Francophone nations should be peacemakers

Joseph Deiss (middle) prepares for the official summit photograph Keystone

The Swiss president, Joseph Deiss, says Francophone countries should do more to prevent conflicts.

This content was published on November 27, 2004

Deiss was speaking on Saturday at the end of a two-day summit of leaders of French-speaking nations in Burkina Faso.

“La Francophonie has a large political role to play, especially to prevent conflicts,” said Deiss.

The French bloc adopted a resolution on Ivory Coast after talks on Saturday in the Burkina Faso capital, Ouagadougou, to discuss the crisis in the former French colony.

The resolution called on all parties to end hostilities and restart dialogue without preconditions.

On Friday, Deiss called for French nations to be “less divided and more active on the ground in promoting peace, cultural diversity, development and education”.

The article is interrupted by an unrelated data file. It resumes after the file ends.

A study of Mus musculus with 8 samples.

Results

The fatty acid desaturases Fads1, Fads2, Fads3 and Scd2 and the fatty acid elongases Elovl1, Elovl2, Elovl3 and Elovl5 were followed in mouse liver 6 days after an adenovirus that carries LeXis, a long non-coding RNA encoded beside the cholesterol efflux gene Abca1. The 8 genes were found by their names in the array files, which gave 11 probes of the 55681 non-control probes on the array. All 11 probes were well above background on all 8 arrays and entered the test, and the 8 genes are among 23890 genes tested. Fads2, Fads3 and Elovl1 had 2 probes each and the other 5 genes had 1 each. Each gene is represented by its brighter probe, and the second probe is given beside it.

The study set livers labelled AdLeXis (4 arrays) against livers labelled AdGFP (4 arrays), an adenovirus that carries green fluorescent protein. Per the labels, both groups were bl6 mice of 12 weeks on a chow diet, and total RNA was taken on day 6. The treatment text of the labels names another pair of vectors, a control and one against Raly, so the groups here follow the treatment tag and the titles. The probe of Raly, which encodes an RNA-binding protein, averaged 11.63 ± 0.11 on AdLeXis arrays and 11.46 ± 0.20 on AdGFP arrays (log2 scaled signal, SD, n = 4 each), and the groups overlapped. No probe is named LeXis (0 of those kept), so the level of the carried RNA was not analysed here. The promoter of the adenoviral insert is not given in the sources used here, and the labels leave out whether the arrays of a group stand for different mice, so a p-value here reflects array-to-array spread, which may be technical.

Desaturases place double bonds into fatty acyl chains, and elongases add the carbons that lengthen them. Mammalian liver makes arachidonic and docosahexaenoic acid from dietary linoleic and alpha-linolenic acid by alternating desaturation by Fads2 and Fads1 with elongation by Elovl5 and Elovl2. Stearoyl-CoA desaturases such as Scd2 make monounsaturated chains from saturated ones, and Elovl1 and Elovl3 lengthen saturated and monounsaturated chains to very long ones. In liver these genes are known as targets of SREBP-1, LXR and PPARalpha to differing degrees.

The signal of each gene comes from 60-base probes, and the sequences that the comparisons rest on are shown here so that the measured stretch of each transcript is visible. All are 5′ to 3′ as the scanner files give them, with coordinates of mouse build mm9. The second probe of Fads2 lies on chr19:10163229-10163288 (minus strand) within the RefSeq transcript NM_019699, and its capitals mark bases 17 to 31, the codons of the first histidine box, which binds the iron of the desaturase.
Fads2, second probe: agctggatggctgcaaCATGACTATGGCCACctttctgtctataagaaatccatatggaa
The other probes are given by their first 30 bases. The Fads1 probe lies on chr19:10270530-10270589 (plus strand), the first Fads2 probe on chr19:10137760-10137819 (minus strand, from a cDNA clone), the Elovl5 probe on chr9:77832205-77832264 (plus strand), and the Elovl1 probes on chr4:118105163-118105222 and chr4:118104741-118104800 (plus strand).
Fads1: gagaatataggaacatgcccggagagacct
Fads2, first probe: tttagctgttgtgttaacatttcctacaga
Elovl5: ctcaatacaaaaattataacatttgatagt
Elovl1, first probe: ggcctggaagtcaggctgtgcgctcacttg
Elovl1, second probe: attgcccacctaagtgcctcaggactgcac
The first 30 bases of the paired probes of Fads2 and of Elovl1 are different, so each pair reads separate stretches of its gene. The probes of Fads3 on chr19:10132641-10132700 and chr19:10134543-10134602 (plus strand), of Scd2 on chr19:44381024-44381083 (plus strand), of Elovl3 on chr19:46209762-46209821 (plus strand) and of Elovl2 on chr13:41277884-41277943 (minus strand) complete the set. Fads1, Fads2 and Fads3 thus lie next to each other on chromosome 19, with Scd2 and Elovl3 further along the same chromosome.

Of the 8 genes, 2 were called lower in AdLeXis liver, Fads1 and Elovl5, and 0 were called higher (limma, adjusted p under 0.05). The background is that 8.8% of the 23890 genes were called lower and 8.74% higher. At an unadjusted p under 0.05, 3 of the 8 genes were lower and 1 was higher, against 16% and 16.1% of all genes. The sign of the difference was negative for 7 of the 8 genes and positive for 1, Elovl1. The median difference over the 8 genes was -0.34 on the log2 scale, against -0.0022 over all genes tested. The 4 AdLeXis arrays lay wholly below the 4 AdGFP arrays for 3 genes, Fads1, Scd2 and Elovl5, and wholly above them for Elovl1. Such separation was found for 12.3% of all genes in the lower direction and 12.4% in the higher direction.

He added that the organisation was in “good health”.

Development issues

Despite being overshadowed by the unrest in Ivory Coast, the summit focussed on development issues.

“We reaffirmed our position, especially in a resolution on micro credits,” the Swiss president said.

Switzerland has earmarked SFr30 million ($26 million) annually for such credits.

During his visit, Deiss inaugurated a market in the town of Koudougou, financed with Swiss funds.

Deiss’ visit also marked the 30th anniversary of Swiss development cooperation with Burkina Faso.

The Swiss president also held talks with the Algerian president, Abdelaziz Bouteflika, who will visit Switzerland on Tuesday.

swissinfo with agencies

Key facts

About 30 heads of state attended the summit in Burkina Faso.
La Francophonie was created to promote French culture and language.
It includes nations with French-speaking populations and former French colonies.
The first summit was held in Paris in 1986.